Four weeks after the operation, the day of my “switch on” is almost here. This week, I’ll travel once again to the Emmeline centre at Addenbroke’s in Cambridge, to receive a processor for my new implant, and then begin the process of getting it switched on and configured.
I’m desperately excited, but also nervous – in near equal parts. Over the past few months, I’ve tried to keep my expectations low. But it’s difficult not to imagine a life with more hearing than I have now. Will it work for me? Will I be disappointed? Will the sounds I hear just be loud muffles, rather than the quiet ones I hear now? Volume is nothing, clarity is everything. And what about everyone else? My friends and family have been so supportive, I don’t want to let them down.
It will be a shock at first. The auditory nerve on the right side of my head, which carries the electrical signals from the implant, won’t know what’s hit it. From carrying nothing more than a slowly decreasing, drought-laden trickle over the last 34 years, to a gushing deluge in an instant.
Of course, my brain won’t recognise most of the signals immediately after the switch on. I’ve been told I’ll hear robotic beeps and whistles to start with – whatever they really sound like. It will take time for my brain to piece together the new sensations with the sounds that are causing them. How quickly this happens, if at all, will depend upon how quickly my brain can adapt. They say it’s usually as good as it will ever be after a year.
Whatever happens over the coming days, weeks and months, I know that commitment and dedication from me, and patience and support from friends and family will play a huge role. And from that point of view, I know I’m in the best possible place to make the most of this opportunity.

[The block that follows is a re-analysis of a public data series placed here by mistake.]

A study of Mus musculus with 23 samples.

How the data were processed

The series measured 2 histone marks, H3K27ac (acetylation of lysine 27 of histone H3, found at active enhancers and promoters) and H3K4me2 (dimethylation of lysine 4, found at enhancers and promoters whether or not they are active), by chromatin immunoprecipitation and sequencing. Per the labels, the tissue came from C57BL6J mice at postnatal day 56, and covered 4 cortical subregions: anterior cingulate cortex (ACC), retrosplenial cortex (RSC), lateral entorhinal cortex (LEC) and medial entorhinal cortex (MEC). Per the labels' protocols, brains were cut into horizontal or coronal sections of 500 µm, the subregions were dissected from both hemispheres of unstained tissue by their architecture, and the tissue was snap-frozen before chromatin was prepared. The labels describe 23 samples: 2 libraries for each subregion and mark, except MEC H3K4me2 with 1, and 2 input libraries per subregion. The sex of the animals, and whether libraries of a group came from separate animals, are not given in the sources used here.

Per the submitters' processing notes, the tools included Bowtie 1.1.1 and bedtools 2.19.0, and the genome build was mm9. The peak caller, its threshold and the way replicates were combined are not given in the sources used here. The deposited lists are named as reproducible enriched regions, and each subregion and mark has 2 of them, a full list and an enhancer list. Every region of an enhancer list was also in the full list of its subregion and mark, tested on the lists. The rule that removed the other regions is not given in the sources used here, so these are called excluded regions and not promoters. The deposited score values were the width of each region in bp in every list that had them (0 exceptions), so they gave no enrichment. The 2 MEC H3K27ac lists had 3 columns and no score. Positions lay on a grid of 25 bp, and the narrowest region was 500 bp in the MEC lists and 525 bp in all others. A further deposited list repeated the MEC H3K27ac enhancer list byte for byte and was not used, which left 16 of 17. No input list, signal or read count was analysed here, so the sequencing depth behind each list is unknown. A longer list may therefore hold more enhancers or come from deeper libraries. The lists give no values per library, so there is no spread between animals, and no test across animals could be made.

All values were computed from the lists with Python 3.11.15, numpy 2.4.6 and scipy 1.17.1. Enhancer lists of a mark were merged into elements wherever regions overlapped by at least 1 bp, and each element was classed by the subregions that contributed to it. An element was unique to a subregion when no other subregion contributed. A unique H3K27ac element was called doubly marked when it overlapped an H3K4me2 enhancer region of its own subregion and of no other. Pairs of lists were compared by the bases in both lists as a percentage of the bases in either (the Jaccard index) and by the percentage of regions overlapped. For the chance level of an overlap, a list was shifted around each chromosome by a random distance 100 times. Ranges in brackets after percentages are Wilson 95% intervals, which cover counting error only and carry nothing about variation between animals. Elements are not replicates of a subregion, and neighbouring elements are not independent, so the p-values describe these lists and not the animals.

[UPDATE: Since I wrote this, the switch-on happened, and went smoothly. I’ll write a brief summary of the day shortly and upload some photos, but need to gather my thoughts first. Before then, and over the coming days, I’m going to list all the sounds I’m hearing for the first time. And below is an X-ray of my head, following the operation to insert my implant. You can see the implant fixed to my skull, and the 12 individual electrodes on the curled wire which sits inside my cochlea.]
This article was first published on Catherine’s own blog, which you can find here:http://sounds-different.blogspot.co.uk/
Catherine lives in Norfolk and has a young family. Born profoundly deaf in 1978, she leads a busy life using a combination of hearing aids, lip reading and sign language. Following a deterioration in hearing in recent years, she is now in the early stages of getting a Cochlear Implant, and currently awaits feedback on her suitability. This is her story, told as it happens.
The Limping Chicken is supported by Deaf media company Remark!, provider of sign language services Deaf Umbrella, training and consultancy Deafworks, the National Deaf Children’s Society’s Look, Smile Chat campaign, and the National Theatre’s captioned plays.